Organizers of Madrid's Gay Pride festivalsay the city is trying to financially "strangle" the event by imposing excessive fines that will shut it down if they continue, the Guardian reports:
"You can't levy such barbaric fines on an event that's so important to the city," said Boti Rodrigo, president of the Federación Estatal de Lesbianas, Gays, Transexuales y Bisexuales. "These fines put the survival of Madrid Pride in serious jeopardy."
This is the fourth successive year the festival has been fined for noise violations. Past fines ranged from €35,000-€50,000, against which organisers successfully appealed and had reduced or waived. The courts have so far reduced one of the fines to €600, but have yet to rule on the other two. This year's edition of Madrid Pride, held in July, earned 15 fines totalling €159,809. Organisers have appealed against the fines, but said it could take more than a year before they find out if their appeal is successful.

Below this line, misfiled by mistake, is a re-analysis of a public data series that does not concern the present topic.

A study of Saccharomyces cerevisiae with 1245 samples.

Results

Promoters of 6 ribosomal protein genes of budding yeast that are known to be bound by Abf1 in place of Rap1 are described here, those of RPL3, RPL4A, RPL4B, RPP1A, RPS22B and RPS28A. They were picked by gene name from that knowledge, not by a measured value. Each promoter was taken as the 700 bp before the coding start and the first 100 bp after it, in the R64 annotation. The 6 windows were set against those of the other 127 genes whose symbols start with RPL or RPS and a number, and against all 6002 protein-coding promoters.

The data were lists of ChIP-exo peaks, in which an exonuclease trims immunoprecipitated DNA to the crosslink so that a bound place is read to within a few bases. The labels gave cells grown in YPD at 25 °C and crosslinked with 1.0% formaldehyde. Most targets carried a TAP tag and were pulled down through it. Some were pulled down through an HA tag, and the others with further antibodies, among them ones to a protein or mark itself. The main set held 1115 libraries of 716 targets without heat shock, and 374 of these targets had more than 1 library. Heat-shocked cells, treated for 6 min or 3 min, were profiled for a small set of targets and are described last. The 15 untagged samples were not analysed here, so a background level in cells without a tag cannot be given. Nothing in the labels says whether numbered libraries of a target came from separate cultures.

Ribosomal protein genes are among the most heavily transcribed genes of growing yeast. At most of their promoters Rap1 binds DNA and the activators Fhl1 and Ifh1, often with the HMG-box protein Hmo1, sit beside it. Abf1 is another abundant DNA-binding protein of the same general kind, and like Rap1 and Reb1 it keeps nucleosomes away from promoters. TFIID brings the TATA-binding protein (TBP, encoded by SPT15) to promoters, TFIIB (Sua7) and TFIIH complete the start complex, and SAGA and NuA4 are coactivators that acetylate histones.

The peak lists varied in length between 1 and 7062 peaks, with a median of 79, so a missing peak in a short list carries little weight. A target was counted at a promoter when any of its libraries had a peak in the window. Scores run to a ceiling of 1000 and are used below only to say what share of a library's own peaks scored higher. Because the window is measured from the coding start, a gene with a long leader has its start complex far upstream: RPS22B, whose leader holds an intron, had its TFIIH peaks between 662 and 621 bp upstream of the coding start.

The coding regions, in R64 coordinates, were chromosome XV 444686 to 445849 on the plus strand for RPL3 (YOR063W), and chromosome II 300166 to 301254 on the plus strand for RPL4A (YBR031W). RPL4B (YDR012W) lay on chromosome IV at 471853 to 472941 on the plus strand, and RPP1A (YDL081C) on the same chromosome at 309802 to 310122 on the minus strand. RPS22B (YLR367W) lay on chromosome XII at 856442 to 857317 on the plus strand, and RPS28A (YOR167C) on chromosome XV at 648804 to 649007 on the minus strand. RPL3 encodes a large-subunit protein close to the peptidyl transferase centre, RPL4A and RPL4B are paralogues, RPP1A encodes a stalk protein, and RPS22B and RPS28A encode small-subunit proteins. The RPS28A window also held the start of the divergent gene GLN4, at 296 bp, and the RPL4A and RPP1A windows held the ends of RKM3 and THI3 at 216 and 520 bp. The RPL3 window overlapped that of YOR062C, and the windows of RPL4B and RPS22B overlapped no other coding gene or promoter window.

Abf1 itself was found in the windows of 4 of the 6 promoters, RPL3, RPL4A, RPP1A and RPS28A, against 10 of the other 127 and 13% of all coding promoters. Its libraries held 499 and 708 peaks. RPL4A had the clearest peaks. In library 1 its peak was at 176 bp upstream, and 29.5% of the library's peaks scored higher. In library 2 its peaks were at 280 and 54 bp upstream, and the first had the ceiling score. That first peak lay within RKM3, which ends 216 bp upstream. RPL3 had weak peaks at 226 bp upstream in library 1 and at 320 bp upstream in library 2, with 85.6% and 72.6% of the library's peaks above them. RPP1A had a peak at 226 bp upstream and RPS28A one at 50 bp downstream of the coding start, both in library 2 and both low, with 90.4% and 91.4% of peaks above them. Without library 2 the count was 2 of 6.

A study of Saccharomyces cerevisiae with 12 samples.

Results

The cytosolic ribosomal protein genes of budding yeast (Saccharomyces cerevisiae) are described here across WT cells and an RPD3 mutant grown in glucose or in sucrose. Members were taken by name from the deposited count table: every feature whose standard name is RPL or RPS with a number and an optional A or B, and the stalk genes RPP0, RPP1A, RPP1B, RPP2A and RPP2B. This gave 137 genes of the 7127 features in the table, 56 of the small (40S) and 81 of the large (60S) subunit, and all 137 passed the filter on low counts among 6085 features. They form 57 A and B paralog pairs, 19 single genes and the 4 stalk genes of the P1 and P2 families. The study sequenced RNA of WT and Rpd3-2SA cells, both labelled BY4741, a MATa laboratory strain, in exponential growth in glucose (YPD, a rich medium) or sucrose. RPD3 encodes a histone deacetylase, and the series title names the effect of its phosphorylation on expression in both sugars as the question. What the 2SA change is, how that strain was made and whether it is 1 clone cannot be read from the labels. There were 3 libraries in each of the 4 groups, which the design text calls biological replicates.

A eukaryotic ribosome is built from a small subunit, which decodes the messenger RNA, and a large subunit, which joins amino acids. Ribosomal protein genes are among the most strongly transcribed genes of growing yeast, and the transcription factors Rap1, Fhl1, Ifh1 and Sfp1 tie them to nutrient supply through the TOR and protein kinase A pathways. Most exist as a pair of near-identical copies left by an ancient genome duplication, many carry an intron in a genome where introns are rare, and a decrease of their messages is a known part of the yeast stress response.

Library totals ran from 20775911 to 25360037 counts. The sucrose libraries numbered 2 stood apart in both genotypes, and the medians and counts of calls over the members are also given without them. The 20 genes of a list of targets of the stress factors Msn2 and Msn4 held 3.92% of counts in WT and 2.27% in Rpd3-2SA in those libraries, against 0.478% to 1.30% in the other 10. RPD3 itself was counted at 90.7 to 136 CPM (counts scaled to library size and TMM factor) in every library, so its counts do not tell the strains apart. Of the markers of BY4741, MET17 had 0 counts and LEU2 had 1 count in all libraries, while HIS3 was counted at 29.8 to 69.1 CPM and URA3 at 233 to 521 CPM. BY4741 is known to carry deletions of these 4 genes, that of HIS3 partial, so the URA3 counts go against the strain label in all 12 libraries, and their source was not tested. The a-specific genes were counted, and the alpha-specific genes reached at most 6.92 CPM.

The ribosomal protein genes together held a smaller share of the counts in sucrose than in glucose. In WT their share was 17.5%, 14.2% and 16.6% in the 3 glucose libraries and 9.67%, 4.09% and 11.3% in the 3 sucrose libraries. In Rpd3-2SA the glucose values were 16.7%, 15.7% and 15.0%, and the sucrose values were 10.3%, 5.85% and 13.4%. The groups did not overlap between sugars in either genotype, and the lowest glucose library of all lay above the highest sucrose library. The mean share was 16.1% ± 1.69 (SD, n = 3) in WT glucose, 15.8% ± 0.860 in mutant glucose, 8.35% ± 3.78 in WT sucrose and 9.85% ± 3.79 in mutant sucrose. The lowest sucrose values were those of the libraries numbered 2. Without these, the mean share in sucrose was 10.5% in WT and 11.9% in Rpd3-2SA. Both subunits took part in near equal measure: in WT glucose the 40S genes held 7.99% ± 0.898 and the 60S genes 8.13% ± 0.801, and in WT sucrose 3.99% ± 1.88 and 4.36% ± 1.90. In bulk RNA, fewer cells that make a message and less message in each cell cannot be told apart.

"We've never seen city hall so short-sighted, with such little political will towards us," said Rodrigo. The celebration of gay pride, started in 1979, attracts an estimated 1.5 million people each year and offers the city a chance to "show that Madrid is an open, multicultural and tolerant city".
The root of the problem appears to be in Madrid's mayor Ana Botella:
"She's putting up permanent barriers to our success," said Rodrigo. "What's clear is that the ideology of a person, when that person is the mayor of Madrid, shouldn't interfere at all in her political responsibilities."
In 2011, when Botella was Madrid's councillor for the environment, she introduced stringent noise limits in residential areas. The restrictions forced Madrid Pride to resort to silent concerts, where participants danced to music streaming through their headphones.